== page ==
The details of West Ham's deal to lease London's Olympic Stadium, built for the 2012 Games, have been published

The details of West Ham's deal to lease London's Olympic Stadium, built for the 2012 Games, have been published

The details of West Ham's deal to lease London's Olympic Stadium, built for the 2012 Games, have been published

Former Leyton Orient chairman Barry Hearn says his dog could have negotiated a better deal than the one which will see West Ham play at the Olympic Stadium for £2.5million per year.

The London Legacy Development Corporation (LLDC), the publicly-funded authority which owns the stadium, on Thursday published its full deal with West Ham, who will take up their 99-year tenancy in August.

And the £48,000 per week deal shows the LLDC must provide the goalposts and corner flags and is responsible for costs associated with maintenance, policing, cleaning and pest control at the 60,000-seat arena.

Hearn, who failed in a bid for Orient to share the stadium, told BBC Sport: "It's a hugely beneficial deal to West Ham and good luck to them. They've negotiated a good deal.

"I can't say the same for the LLDC who should go back to negotiation school. My dog could have negotiated a better deal for the taxpayer."

An Information Tribunal on Monday rejected LLDC's appeal against a London Assembly ruling that the contract between it and the Premier League club should be made public.

LLDC, responsible for transforming venues used for the London 2012 Olympic and Paralympic Games, did not appeal and the contract was published in full on Thursday. A redacted version was made available last October.

TaxPayers' Alliance chief executive Jonathan Isaby said the contract was "ludicrously generous" and "the deal of the century".

He added: "Those of us footing the bills deserve a proper explanation."

Arsenal boss Arsene Wenger, who oversaw the Gunners' move from Highbury to the £390m, 60,000-seat Emirates Stadium and the accompanied straitened spending, last week compared West Ham's deal to winning the lottery.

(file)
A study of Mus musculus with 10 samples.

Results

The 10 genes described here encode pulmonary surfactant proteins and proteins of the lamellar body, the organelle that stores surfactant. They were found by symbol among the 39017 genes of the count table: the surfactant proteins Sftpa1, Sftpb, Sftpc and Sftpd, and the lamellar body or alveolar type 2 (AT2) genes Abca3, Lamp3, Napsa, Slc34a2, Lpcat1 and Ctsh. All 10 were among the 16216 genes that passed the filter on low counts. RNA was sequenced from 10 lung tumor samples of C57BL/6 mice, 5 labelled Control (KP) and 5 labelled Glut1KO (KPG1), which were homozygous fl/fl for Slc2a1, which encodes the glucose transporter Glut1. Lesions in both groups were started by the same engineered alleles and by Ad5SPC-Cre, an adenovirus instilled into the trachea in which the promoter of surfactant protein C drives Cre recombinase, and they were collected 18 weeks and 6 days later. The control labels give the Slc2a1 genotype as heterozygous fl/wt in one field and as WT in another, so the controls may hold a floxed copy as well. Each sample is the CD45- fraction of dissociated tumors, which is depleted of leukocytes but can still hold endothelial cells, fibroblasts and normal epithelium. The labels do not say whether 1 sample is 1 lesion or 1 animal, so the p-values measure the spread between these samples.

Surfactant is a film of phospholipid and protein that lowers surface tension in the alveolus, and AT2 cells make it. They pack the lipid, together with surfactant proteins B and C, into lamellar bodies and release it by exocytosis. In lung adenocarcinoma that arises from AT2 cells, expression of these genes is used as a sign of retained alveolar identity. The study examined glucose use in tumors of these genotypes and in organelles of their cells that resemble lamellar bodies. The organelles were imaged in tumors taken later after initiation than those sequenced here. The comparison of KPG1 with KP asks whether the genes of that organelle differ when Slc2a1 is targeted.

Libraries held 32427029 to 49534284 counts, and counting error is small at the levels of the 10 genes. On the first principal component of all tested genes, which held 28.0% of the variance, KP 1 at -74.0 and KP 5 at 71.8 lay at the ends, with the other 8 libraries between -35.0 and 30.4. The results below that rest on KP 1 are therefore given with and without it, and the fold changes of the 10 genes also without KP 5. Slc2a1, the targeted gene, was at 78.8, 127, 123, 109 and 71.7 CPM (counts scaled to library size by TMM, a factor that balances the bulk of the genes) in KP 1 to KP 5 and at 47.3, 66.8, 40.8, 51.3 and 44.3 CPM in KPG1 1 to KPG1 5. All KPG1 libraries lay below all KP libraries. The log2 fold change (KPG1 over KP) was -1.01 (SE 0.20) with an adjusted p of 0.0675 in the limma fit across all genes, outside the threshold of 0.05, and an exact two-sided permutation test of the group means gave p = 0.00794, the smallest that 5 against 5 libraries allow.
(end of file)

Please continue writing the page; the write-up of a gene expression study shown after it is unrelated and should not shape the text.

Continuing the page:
Speaking prior to the full publication of the contract, Wenger said: "I say 'well done, you have won in the lottery, and you do not need to sweat like I did for long years, and fight for every pound'."

Tottenham lost their bid to be lead tenant of the Olympic Stadium and are now building their own stadium adjacent to their White Hart Lane home at an estimated cost of £750m.

And football finance expert Rob Wilson, of Sheffield Hallam University, says it is clear why some of the Hammers' Premier League rivals might complain about the deal.

Wilson told Press Association Sport: "They've really got it for a steal. Anything £5m and upwards would have been an appropriate figure that would probably give better value to the taxpayer.

"The costs to Arsenal and Tottenham Hotspur will be far, far greater and you can probably understand why some of West Ham's closest competitors in the Premier League are saying this is competitively unfair. They've got much more disposable income."

LLDC's objection to the publication of the contract was based around securing future business for the multi-purpose venue on the 340 days a year when West Ham are not playing. That would include hosting music concerts, for example.

An LLDC spokesperson said: "We were concerned that the publication of this contract and the precedent it may set for future agreements could make it harder to do this."

The stadium will host the 2017 IAAF and IPC Athletics World Championships and there is a 50-year agreement for British Athletics to use the venue each July.

The transformation of the venue from its Olympic and Paralympic condition cost £272m, with West Ham contributing £15m.

The Hammers will pay an annual rent of £2.5m for 25 matches - or £1.25m if they fall out of the top flight - with a £100,000 fee for any additional match.

Performance-related payments are in place for finishing positions in the Premier League (first to fifth place costs £100,000) and winning the FA Cup and Europa League (both £100,000).

Qualifying for the Champions League would incur a fee of £250,000, while winning it would cost £1m.

The Hammers, who are the sole beneficiaries of ticket sales, are currently sixth in the Premier League.

The contract also showed the first £4m of any naming rights for the stadium would go to LLDC, with any figure above that split 50-50 between LLDC and West Ham.

Wilson believes the Hammers could command £8m to £10m per year for naming rights.

LLDC would receive between £9m and £90m if West Ham were sold, although co-chairman David Sullivan and David Gold have no intention of offloading the club.

Revenue from catering and stadium tours would also go to LLDC.

The Hammers are due to move into the arena in time for the start of the 2016/17 Premier League season.

In a statement on their website, West Ham made it clear they had no objection to the contract being made public.

"The club has nothing to hide," the club statement said.

"We firmly believe it is a great deal for both West Ham United and also the taxpayer."

Olympic Stadium Coalition, a coalition of 14 supporters' trusts and groups, had been campaigning for the contract to be published.

It said it would take time to digest the 207-page report.